On the dog friendly streets of Buenos Aires, a morning pit stop for the dog walkers
A lone cat wanders the narrow lanes of Recoleta Cemetary
“Faded elegance” is one of the adjectives I’ve heard being used to describe Buenos Aires and it could not be more apt. Majestic and opulent, but also delapidated and somewhat run down, she presents itself as a city of contrasts. Perhaps, the everlasting symbol of Buenos Aires, Evita herself presents such a conundrum, equally loved and reviled by her own people, she offers an insight into the psyche of the people of the city. From the people who assembled in the millions to hear her speak, and the countless numbers who lined her funeral procession, wracked in genuine sorrow, to the same ones amongst that number who found so much hatred for her as to defile her body after death, she is at once a unifying and divisive force. Likewise, Buenos Aires, a city of grand avenues and splendidly ornate buildings, but also of tin shacks and cracked pavements, of museums filled with renaissance grand masters and streets covered with graffiti. Buenos Aires is a complex lady, to see just one aspect of her is to miss the story. Perhaps the ones that truly love her have the most critical things to say about her, and the ones that unambiguously declare their love for her, maybe never really knew her at all.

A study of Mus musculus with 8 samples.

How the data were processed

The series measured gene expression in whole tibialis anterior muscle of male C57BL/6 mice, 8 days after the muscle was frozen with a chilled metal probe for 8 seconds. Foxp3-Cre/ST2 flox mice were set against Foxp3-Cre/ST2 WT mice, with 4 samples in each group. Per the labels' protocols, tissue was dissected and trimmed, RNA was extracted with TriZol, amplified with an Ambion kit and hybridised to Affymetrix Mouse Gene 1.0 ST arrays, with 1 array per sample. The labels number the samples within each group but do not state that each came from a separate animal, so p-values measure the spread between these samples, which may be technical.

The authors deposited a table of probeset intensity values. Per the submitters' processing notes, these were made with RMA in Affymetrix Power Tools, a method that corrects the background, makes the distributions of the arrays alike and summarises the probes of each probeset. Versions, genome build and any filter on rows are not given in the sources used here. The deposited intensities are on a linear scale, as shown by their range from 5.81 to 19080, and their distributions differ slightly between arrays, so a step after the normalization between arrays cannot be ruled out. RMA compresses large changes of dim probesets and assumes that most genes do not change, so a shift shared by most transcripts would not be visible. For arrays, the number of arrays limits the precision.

Mafalda, a 60’s symbol of political and social commentary, remains popular to this day
National hero and Argentine liberator, General José de San Martin rests in the mausoleum in the Buenos Aires Metropolitan Cathedral
A strategically situated plant protects the couples’ modesty
Russian tourists fall asleep during an tour of Casa Rosada
The impressive mausoleums of Recoleta Cemetary are the restings places of many of the country’s illuminati
A silent moment in front of Eva Duarte Peron, or Evita’s grave
Wide avenues criss cross the Capital Federal
Graffiti, a lot politically motivated, dress the walls of many a building
The Obelisco de Buenos Aires is the unofficial centre of the capital
Dilapidated and abandoned cars are common on the streets of Buenos Aires, often remaining un-removed for extended periods of time
I left my job as an advertising Creative Director in August 2012 to travel Africa and South America for a year with my wife, documenting these beautiful places with my Fuji X-Pro1. View the rest of my RTW adventures on Handcarry Only and follow me on my journey by subscribing/following/bookmarking.